Sat, Dec 22, 2018 - Page 7 News List

New York rat crisis blamed on hot weather and waste

The Guardian

Pest control officer Gregory Cornes, from the Washington Department of Health’s Rodent Control Division, surveys the flower beds of an office building in Washington for rat burrows before pumping in poison on Oct. 17. Cornes pumps poison into the burrows, which sticks to the paws and fur so that when the rats groom themselves, they unwittingly ingest it and die.

Photo: AP

The discarded slices of pizza that litter New York’s streets have long fueled its sizeable population of rats, but now the city’s growing swarm has a new reason to enjoy their home — warmer temperatures.

City officials have reported an increasing number of calls from residents complaining about rats and have warned that milder winters are helping them feed and mate longer into the year, and as winters warm up, more frequent outdoor activity by people is adding to the litter rats thrive upon.

Rat-related complaints have been on the rise over the past four years, with 19,152 calls made to the city last year, an increase of about 10 percent on 2016.

There are no reliable figures on the number of rats in New York — estimates range from 250,000 to tens of millions — but the surge in rat activity has been replicated in other US cities.

Houston, Washington, Boston and Philadelphia have experienced large increases in calls to pest control.

Veteran anti-rat strategists have, in part, blamed climate change.

“It’s a complex issue, but we are seeing rat population increases around the world now,” said Bobby Corrigan, a sought-after rat-catching consultant who once spent a week living in a rat-infested barn in Indiana as part of his doctoral research.

“Requests for my services are through the roof, I can’t keep up with them,” Corrigan said. “You speak to any health commissioner from Boston to [Washington] DC and the trend is upwards.”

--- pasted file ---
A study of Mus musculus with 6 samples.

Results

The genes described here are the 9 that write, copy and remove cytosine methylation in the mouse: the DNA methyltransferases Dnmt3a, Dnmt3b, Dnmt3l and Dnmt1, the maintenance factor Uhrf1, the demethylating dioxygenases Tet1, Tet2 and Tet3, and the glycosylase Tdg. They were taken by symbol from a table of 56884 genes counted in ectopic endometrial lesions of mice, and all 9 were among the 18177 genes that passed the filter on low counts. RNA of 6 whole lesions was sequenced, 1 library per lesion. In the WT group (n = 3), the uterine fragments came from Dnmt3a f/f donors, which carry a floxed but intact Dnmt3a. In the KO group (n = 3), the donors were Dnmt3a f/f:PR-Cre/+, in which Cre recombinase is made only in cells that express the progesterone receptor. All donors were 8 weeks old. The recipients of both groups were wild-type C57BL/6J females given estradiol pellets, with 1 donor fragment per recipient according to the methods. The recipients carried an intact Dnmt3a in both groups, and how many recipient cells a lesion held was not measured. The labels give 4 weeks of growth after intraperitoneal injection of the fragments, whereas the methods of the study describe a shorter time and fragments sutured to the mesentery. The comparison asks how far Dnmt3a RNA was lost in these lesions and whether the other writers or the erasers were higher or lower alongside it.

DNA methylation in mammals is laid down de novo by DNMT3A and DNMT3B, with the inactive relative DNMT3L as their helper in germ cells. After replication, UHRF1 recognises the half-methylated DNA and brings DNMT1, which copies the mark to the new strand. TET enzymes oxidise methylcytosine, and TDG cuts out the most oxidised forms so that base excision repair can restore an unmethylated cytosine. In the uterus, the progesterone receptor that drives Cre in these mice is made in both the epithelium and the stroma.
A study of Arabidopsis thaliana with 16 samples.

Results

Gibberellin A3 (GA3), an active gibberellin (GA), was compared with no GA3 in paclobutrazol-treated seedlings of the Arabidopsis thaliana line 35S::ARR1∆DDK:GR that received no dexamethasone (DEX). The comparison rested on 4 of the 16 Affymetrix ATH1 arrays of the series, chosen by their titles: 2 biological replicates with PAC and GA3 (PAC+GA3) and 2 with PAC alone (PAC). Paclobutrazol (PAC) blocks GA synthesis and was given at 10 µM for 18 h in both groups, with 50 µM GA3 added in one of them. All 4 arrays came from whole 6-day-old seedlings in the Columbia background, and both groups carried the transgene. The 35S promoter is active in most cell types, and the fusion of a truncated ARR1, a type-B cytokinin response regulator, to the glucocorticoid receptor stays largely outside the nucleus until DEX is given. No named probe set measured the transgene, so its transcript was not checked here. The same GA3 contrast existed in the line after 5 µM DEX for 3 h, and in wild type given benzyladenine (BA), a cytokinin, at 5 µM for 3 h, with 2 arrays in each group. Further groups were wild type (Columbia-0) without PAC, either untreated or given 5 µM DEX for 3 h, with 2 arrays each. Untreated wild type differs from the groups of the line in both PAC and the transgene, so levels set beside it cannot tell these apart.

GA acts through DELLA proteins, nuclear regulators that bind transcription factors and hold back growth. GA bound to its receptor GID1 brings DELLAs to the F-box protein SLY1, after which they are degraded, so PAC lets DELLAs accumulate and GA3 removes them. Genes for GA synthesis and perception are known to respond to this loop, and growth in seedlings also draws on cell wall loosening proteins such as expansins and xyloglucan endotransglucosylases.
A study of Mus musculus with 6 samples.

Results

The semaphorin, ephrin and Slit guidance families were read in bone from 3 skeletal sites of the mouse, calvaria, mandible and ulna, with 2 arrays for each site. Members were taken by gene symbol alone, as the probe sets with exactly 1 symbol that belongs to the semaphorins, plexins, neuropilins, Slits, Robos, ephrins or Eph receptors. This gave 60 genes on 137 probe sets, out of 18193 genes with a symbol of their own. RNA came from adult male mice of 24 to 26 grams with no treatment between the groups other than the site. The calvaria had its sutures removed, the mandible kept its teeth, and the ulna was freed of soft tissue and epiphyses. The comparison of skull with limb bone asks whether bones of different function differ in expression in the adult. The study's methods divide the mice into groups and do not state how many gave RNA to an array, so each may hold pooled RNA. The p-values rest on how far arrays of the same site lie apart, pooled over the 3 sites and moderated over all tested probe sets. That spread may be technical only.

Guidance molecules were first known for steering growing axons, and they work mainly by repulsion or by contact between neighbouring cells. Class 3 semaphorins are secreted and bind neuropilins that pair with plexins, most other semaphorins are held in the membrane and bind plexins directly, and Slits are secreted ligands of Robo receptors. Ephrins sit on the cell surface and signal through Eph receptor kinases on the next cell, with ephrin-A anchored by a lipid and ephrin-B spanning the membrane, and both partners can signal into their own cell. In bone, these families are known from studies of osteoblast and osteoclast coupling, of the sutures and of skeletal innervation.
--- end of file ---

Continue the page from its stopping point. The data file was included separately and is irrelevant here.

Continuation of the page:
“In winter rats slow down their reproduction because it’s so cold, but they are probably having one more litter a year now because it’s getting warmer,” he said. “A litter is around 10 babies and that’s making a difference.”

Mike Deutsch, a veteran rat-catcher at New York-based Arrow Exterminating Co, said that warmer temperatures are having a “natural consequence.”

“As the Earth warms, you’ll have more activity, more rats about,” Deutsch said. “They won’t be able to keep growing if there’s not enough food or shelter for them, but you’ll see populations rise.”

Deutsch — whose research has found that, contrary to popular belief, cats are not very good at catching rats — also pointed to other factors, such as urban construction that has disturbed rat families, making them more visible.

The increase in rat sightings has spawned viral videos of rats eating pizza and navigating escalators, but has also raised health concerns.

A death was recorded in the Bronx last year due to leptospirosis, a rare disease transmitted via rat urine.

New York rats trapped and tested by Columbia University researchers were found to be reservoirs of Escherichia coli and salmonella, with some even carrying Seoul hantavirus, which can cause kidney failure.

The city’s response has been muscular.

New York Mayor Bill de Blasio last year unveiled a US$32 million plan to launch a mass slaughter of rats in infested areas, such as Chinatown and East Village.

New York City makes about 100,000 inspections for rat activity each year and exterminators gas rats to death in their burrows, rather than poison them, because of fears over affecting other wildlife.

De Blasio said that he has seen “many a rat” in the city.

“I see them in the parks and in the subway. We’re kind to rats. We just want them to go away,” he said.

However, New York is likely to remain a haven for rats because of its large population, sprawl of hole-ridden buildings and copious waste.